What is the difference between a jam, a jelly, and a marmalade?

There will be disagreement, depending on where you live in the world, and don’t even get me started on conserves and preserves.  For now though, the general agreement on this continent is the following:

A jam is made with fruit, which is sometimes chopped finely, sometimes crushed, and sometimes cut into pieces.  The jam has a thick texture and pieces are generally evident.  Additional pectin may or may not be necessary according to the pectin levels in the fruit itself.

A jelly is made by extracting the juice from various fruits, but mostly berries.  The juice is collected and then boiled with sugar.  As with jams, additional pectin may or may not be required to achieve a good set.

A marmalade is generally made using citrus peel which is softened by cooking and then cooked with sugar giving it its characteristic bittersweet taste.  The good marmalades have visible peel when you hold the jar up to the light.   The pips and pith in citrus provide the majority of the pectin.  Thus, marmalade recipes rarely call for added pectin.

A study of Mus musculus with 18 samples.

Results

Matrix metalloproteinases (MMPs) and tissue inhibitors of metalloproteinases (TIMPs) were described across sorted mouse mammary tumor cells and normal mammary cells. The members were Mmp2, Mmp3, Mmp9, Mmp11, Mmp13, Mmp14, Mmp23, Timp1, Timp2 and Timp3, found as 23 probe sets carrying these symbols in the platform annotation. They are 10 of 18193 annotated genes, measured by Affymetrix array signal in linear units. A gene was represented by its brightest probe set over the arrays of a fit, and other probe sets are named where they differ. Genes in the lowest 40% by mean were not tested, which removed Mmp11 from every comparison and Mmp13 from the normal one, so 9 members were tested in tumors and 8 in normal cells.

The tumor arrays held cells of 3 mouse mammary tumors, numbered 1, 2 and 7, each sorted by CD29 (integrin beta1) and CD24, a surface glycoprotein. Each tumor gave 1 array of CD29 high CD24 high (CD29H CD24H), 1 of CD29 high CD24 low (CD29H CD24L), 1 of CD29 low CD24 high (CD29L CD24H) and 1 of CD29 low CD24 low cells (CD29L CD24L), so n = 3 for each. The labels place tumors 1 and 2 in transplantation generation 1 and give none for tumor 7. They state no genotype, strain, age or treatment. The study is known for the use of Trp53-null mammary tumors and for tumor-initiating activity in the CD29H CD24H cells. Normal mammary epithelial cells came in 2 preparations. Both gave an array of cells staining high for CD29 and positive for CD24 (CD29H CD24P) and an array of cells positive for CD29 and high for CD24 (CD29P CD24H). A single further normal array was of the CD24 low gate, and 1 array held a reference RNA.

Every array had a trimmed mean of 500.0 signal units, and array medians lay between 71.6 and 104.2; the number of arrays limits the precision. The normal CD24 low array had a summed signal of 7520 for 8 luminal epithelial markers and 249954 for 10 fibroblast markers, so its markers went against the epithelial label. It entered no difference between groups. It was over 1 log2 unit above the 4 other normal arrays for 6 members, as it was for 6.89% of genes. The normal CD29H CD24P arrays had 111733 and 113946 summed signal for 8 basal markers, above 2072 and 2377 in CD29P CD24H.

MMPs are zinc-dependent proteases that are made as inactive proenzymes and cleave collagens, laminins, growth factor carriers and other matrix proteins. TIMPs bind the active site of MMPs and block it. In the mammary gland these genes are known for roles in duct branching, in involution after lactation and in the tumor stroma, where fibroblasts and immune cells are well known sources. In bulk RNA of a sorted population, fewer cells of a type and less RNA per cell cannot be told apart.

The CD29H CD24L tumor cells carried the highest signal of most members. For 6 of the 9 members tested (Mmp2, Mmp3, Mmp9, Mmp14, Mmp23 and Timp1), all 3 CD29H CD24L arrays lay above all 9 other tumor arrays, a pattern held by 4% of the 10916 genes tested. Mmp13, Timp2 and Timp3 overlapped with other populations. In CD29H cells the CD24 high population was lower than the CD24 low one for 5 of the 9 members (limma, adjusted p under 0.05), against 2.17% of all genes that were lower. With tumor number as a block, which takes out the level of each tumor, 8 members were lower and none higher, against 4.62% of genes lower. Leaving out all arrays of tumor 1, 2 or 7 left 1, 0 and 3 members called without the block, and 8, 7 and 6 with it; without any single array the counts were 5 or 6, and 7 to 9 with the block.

In terms of jams in the rest of the world, there is a tendency in USA to call jams, jellies, and marmalades “jelly”.  In France, jams are called “confitures”.  Only in England, and by extension, many of the Commonwealth countries, is a citrus-based, peel-containing preserve called marmalade.   For example, jam is called marmalade in Germany, marmelada in Greece,  marmalade in France, and marmellata in Italy. 

Relishes, Chutneys and Condiments

Relish is a pickled vegetable or fruit that is cooked with vinegar and sugar. 

Preserved Chutneys are sweet and savoury and generally contain fruit, onion, vinegar, sugar, and spices. 

Condiments are a general category of foods that are produced to enhance the taste of other foods.  In this case, I am including Indonesian Satay Sauce, and some savoury/sweet fruit jams such as Pickled Strawberry.